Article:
Despite not going into the weekend with much confidence, Kiwi Mitch Evans collected his second GP2 Series win in three race as he continued his impressive run at the end of season. Having made a clean get away, he soon worked his to the front, before winning in Bahrain by just under two seconds.
The reverse grid race meant that Evans started in sixth, however he was lucky to avoid a first corner clash as Nobuharu Matsushita spun. The Japanese driver had made an excellent get away from seventh on the grid, and was in second place heading into the first corner, but was unable to get the car stopped and collided with Indonesian Rio Haryanto of Campos Racing.
Haryanto was forced wide as Matsushita retired with damage. It had also been a good start from his ART Grand Prix team-mate, Stoffel Vandoorne, who, despite starting eighth, had worked his way up to second after the first sector after avoiding the carnage ahead of him.
The race was soon neutralised though as 2015 Formula Renault 3.5 Series champion Oliver Rowland hit the back of Rene Binder‘s MP Motorsport car, sending the Status Grand Prix driver airborne, before he hit the barriers and was forced out of the race.
At the restart, pole sitter Alex Lynn pulled away at first, leaving the pair of Vandoorne and Evans to squabble for position between them behind.
Vandoorne knew his tyres traditionally went off in the closing stages, so was determined to save them for a final sprint. Evans made the most of this, eventually making a move on the Belgian stick on lap 7.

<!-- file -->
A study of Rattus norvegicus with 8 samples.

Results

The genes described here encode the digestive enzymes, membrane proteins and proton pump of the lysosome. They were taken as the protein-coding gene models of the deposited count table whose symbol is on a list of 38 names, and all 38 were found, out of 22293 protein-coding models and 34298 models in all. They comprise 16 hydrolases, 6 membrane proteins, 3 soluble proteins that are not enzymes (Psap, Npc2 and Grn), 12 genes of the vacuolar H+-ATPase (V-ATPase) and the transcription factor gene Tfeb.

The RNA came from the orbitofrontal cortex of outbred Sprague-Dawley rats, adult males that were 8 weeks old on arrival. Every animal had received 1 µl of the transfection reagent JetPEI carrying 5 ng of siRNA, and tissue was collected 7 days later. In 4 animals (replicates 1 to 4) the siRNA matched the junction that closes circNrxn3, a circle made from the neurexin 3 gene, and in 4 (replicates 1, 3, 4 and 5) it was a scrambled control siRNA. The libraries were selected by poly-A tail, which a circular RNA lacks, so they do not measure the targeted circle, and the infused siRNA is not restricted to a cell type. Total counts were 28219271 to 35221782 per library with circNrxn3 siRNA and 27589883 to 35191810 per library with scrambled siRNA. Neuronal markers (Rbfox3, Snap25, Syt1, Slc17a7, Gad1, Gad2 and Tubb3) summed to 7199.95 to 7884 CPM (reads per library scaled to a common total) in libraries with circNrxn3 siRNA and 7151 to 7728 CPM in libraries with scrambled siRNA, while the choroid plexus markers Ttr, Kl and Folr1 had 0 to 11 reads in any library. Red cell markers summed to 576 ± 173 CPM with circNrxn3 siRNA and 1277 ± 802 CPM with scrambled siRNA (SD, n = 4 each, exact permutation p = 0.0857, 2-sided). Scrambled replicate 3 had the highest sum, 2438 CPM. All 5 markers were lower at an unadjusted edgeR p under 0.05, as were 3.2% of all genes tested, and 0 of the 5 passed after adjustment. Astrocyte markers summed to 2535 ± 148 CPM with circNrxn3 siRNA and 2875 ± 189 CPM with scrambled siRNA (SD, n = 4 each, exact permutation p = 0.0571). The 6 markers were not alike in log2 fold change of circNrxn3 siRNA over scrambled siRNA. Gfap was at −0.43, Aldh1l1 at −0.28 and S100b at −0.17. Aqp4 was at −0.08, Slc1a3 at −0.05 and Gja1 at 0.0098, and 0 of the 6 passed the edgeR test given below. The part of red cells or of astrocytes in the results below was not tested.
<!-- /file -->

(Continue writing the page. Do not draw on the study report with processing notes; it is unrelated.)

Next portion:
From there, no-one was stopping Evans as he quickly closed the deficit on Lynn in front. After having had a few bad weekends, the British driver was determined not to forfeit the place, with the two swapping positions over the next few laps.
By this point however, Lynn had pushed his tyres too far and also fell back into the clutches of Vandoorne, and the Belgium driver was able to pass the DAMS driver easily. However; the three second gap to Evans proved too much for Vandoorne who couldn’t close the deficit and was forced to settle for second, in a repeat of the Bahrain weekend seven months ago.
Behind them, Sergey Sirotkin once again came home with a strong result in fourth. The Russian Rapax driver made a great overtake on Raffaele Marciello on the final lap, with the Trident Racing driver being forced to settle for fifth as a result.
Jordan King impressed to secure sixth for Racing Engineering despite being delayed at the start by Matsushita’s incident, overtaking team-mate Alexander Rossi, Pierre Gasly and Artem Markelov in the closing stages.
Gasly also passed Markelov, who was running an excellent fourth at one stage, and was looking to threaten those ahead of him before his tyres began to fade, although he did hold onto the final point in eighth, ahead of Rossi and Norman Nato, who had a storming race through the field to finish tenth.